The U.S. Ryder Cup Team Has Arrived in Rome, and the Most Pressing Question Didn’t Take Long

Captain Zach Johnson looks at the 30-year U.S. road drought as an ‘opportunity’ his team is ready to embrace.

The U.S. Ryder Cup team arrived at Marco Simone Golf and Country Club on Monday afternoon perhaps a bit groggy but nonetheless ready to get a lengthy week of preparation under way before the competition against Europe beginning Friday.

Several players were at the course including one of Zach Johnson’s captain picks, Justin Thomas, who was on the putting green working with his caddie, Jim “Bones” Mackay.

They arrived via charter from Atlanta—Brooks Koepka arrived before the rest of the team after taking separate transportation from Chicago where he competed in a LIV Golf League event.

It didn’t take long to get to a question about the Americans’ lack of success in Europe over the past three decades. It was one of the first queries lobbed at Johnson during a joint news conference with European captain Luke Donald to kick off the week.

Johnson is the captain of a U.S. side hoping to win an overseas Ryder Cup for the first time since 1993.

Gregorio Borgia/AP

“It’s hard to win outside of your comfort zone,” Johnson said of the U.S. struggles in Europe. “It’s hard to win against a team that’s always been very, very formidable. It’s really just that simple.

“The European teams have been very stout, very good, very deep, and this year is no different. It’s just difficult. I know what history says. I’m very aware of that. But at the same time I can speak confidently, and talking to my team, these guys are ready and want to embrace that difficulty and want to just look at this as a great opportunity.

“The teams of the past are teams of the past. This is a new team with a new opportunity.”

The U.S. last won in Europe in 1993, when several members of the U.S. team were not even born. Since then, the Americans have gone to Spain, England, Ireland, Wales, Scotland and France, and been unable to win. Three of those results were not very close.

One aspect that makes winning on the road difficult is the course and the setup. Marco Simone is not overly difficult, but it’s unfamiliar to the Americans. Nine members of the team came here two weeks ago for a two-day practice session. But several European players have competed in the DP World Tour event that is staged at the course.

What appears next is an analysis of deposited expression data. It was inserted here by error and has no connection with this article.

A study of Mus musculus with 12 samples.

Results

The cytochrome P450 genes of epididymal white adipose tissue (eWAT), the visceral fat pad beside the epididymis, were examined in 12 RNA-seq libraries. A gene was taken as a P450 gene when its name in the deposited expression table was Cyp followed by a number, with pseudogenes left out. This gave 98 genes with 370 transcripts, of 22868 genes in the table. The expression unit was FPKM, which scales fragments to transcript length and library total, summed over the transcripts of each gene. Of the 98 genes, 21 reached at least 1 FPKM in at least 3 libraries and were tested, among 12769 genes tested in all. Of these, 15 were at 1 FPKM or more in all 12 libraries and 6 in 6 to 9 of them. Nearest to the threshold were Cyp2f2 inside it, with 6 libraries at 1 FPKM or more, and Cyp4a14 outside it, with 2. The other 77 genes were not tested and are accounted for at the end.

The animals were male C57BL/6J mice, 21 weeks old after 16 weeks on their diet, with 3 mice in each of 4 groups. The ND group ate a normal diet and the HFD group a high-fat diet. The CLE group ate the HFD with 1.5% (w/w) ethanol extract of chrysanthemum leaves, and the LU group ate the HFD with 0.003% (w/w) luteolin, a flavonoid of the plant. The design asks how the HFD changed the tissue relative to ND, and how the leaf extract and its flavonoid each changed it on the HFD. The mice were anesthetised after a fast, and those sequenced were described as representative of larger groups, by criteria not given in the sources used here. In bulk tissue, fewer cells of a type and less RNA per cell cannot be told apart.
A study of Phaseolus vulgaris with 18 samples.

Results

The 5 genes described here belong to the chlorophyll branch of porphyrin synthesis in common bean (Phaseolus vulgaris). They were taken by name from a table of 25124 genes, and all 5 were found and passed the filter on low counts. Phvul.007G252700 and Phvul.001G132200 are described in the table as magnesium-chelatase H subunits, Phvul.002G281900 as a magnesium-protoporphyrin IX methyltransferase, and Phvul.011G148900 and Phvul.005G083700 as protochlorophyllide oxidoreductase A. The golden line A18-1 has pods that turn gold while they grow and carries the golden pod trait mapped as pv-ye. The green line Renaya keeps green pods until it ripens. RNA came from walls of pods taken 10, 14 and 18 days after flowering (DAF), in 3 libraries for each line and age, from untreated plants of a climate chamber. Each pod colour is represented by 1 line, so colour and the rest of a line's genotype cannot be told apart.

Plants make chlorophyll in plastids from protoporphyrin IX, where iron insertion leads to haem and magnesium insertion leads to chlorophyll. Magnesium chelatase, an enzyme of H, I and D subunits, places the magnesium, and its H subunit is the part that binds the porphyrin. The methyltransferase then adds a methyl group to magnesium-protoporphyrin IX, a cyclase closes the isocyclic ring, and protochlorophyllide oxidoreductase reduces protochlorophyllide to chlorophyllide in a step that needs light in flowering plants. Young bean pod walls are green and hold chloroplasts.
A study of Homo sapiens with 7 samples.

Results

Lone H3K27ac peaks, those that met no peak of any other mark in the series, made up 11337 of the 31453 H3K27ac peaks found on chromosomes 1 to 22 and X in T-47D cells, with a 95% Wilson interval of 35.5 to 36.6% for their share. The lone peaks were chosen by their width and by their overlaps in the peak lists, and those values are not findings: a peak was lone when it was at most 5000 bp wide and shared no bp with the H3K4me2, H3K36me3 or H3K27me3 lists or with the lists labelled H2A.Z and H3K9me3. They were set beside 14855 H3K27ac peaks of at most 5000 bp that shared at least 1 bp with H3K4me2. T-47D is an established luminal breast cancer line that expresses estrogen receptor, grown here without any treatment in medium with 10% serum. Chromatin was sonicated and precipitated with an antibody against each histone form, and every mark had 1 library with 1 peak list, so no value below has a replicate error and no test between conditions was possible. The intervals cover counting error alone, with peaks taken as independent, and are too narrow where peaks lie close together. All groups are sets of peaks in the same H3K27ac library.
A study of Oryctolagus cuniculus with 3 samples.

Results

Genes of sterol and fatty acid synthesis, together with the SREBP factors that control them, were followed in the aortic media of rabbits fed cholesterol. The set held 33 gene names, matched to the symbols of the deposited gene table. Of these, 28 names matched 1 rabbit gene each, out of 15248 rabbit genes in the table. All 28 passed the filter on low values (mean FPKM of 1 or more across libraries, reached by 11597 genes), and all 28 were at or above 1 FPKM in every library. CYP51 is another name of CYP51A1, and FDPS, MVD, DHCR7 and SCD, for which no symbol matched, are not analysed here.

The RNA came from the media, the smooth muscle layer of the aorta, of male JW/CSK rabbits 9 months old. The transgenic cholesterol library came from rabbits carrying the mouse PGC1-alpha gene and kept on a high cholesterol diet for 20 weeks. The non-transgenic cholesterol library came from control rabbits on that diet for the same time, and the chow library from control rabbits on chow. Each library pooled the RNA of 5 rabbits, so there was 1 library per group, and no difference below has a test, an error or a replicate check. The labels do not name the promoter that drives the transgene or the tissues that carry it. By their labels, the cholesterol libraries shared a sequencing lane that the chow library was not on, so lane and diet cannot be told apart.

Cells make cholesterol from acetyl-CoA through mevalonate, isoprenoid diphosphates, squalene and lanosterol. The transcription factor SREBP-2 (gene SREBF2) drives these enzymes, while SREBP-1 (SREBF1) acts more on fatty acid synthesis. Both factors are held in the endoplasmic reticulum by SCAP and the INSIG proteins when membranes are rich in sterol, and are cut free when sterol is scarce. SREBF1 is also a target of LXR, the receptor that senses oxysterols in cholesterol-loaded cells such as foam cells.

And then there is the ability for the home team to set up the course to its liking. That typically means making the fairways narrower, adding rough and slowing down the greens.

“Yes, it presents a challenge,” Johnson said. “I think it presents a challenge to both teams. I think the beauty of Marco Simone is that it already has a canvas that is really, really good, and so whatever Luke and his team decide to do to it, probably only enhances that.

“The course, the grass, is extremely healthy and very pure. The greens are fantastic. I mean, I’m very confident in saying that. I haven’t been on them this week, but they were really good two weeks ago. I can only imagine what they are like right now. The rough is penal. It’s very difficult. But we’ve experienced that before. We’ll experience that again, whether it’s a tournament in the States or one over here.

“It’s going to present a challenge. I think you have to have your entire arsenal working, and I think that’s a great test.”

The course is listed at just more than 7,100 yards and par 71. The 5th (302 yards), 11th (329) and the 16th (303) are potentially drivable par-4s. The course has three par-5s, the 9th, 12th and 18th, which is 596 yards.

The U.S. can boast having won two of the past three Ryder Cups, including a 19–9 victory two years ago at Whistling Straits.

“I certainly have a lot of belief in my team,” Donald said. “I know it’s going to be a difficult next few days. The U.S. team are very strong. We know that. We are coming off our worst defeat ever in a Ryder Cup. U.S. players are strong, high up in the world rankings and they have some great partnerships and have had a lot of success.

“We have our work cut out, but as I said, you have to have belief in your team that you’re going to get them into a place where they are going to be successful. I’m looking forward to seeing how it all unfolds over the coming days.”